ENVIRONMENT

Drought Lowers Water in Reservoir to Critical Levels

By Briana Vannozzi
Correspondent

The white marks on the Morris Lake Spillway show where water levels should be at the Sussex County Reservoir. But drought conditions throughout the state and in Sparta have put it at the lowest level in nearly a decade.

“Late fall, we’re usually low, but we are approaching critical conditions,” said New Jersey Highlands Coalition Policy Director Elliott Ruga.

In Newton, Sussex County neighbors have been feeling the consequences for nearly 15 months. Last year the town council initiated a mandatory water restriction on its residents. Roughly 8,000 New Jerseyans in the upper western corner of the state rely on Morris Lake for drinking water.

“The town of Newton uses roughly about 800,000 gallons of water per day and each inch of the reservoir is equivalent to about 4 million gallons So every week it’s been going down about an inch or close to two inches,” said Newton Township Water Engineer David Simmons.

When the water restrictions went into effect last September, levels were just 18 inches below the spillway. Meaning the lack of snow over the winter meant no runoff to help replenish the lake.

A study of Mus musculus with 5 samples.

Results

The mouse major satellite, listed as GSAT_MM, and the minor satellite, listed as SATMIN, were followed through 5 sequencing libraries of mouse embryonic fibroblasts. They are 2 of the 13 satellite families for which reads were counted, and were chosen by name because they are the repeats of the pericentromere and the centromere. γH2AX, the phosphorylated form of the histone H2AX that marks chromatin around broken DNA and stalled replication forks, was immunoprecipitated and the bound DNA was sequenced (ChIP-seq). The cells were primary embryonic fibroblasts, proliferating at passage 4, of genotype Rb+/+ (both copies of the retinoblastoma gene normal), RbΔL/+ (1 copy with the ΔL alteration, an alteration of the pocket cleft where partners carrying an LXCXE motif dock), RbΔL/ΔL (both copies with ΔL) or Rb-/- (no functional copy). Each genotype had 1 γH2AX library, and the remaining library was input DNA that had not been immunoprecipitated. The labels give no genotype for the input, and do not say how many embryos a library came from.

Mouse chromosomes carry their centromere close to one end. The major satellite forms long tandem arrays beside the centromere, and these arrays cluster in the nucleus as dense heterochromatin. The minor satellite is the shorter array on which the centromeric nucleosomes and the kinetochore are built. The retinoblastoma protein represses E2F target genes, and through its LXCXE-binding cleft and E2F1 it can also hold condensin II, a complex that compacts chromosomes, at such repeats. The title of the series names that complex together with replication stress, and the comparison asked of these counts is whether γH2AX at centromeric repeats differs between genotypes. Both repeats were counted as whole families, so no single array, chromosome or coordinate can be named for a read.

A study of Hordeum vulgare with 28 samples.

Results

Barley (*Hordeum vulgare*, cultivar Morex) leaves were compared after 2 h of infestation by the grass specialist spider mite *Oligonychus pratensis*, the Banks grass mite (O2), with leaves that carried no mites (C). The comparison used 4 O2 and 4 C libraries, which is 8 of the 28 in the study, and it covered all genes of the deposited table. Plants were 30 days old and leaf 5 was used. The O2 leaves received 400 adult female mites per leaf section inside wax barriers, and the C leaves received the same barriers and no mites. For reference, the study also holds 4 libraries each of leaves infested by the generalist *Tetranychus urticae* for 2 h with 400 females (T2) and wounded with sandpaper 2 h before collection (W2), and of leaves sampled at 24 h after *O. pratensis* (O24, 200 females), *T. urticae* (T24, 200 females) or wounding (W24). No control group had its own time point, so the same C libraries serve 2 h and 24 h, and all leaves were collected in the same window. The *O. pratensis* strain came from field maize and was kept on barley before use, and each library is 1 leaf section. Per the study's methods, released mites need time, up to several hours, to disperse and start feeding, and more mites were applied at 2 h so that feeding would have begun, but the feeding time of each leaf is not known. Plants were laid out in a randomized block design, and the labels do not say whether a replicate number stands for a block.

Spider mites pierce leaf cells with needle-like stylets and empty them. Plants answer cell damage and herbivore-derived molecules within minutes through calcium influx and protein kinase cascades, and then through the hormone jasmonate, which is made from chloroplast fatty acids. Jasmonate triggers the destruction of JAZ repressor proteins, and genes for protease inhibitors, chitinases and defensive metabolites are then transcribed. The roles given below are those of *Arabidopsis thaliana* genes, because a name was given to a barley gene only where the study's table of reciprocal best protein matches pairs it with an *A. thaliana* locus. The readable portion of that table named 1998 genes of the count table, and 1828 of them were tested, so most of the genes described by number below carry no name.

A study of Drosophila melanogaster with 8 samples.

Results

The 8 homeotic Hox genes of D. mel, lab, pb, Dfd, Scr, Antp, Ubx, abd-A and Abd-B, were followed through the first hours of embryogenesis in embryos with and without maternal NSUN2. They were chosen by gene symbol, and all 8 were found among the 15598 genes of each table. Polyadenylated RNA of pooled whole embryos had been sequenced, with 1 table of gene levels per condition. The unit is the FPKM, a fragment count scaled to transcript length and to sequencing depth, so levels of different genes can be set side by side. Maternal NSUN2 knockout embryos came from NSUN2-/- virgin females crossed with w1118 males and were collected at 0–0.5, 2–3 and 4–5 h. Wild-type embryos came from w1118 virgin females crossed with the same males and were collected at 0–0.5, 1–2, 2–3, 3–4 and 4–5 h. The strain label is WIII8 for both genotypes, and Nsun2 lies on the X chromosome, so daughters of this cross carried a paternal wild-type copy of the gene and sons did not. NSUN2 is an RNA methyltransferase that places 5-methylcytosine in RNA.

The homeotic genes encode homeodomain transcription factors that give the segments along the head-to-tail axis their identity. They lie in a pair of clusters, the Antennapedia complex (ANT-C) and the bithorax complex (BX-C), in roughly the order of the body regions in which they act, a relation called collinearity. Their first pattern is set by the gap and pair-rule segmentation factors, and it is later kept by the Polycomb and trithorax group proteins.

“What we see here is going on throughout the state. We’re in the highlands of New Jersey. The reservoirs of the highlands provides 70 percent of the population of New Jersey with water and what we see here is typical. Water levels are almost half of capacity,” Ruga said.

In fact, the New Jersey Department of Environmental Protection recently issued drought warnings in 14 northern and central New Jersey counties, a watch in four others, with just three southern counties remaining unaffected.

How much rainfall do we need to see to replenish these levels?

“We would need to see sustained rainfall over several weeks of heavy rain,” Ruga said.

Despite the severity, several residents we spoke with seemed unaware the drought was worsening.

When Newton resident Mary Graham was asked if she has heard anyone talk about the drought or cutting back on water usage, she said, “I haven’t heard anything. Nothing.”

Has Newton resident Louis Nappi changed his behavior — shorter showers, less laundry?

“No but I don’t really take a lot of long showers anyway. I’m in and out so there really would be no need for change,” he said.

So this time of year where I’m standing, this water level should be up to my shoulders. And in the late spring, it should be well over my head.

When the rain or snow does come, Newton’s water engineer says plans are in place to help the reservoir along.

“There’s also a diversion called pine swamp diversion, which is another two square miles that the towns got prepared to divert runoff from the snowfall this winter into the reservoir to help augment the water supply,” Simmons said.

Until then water restrictions remain in place. As the levels continue to sink, the hope for rain and an end to this worst drought in years remains high.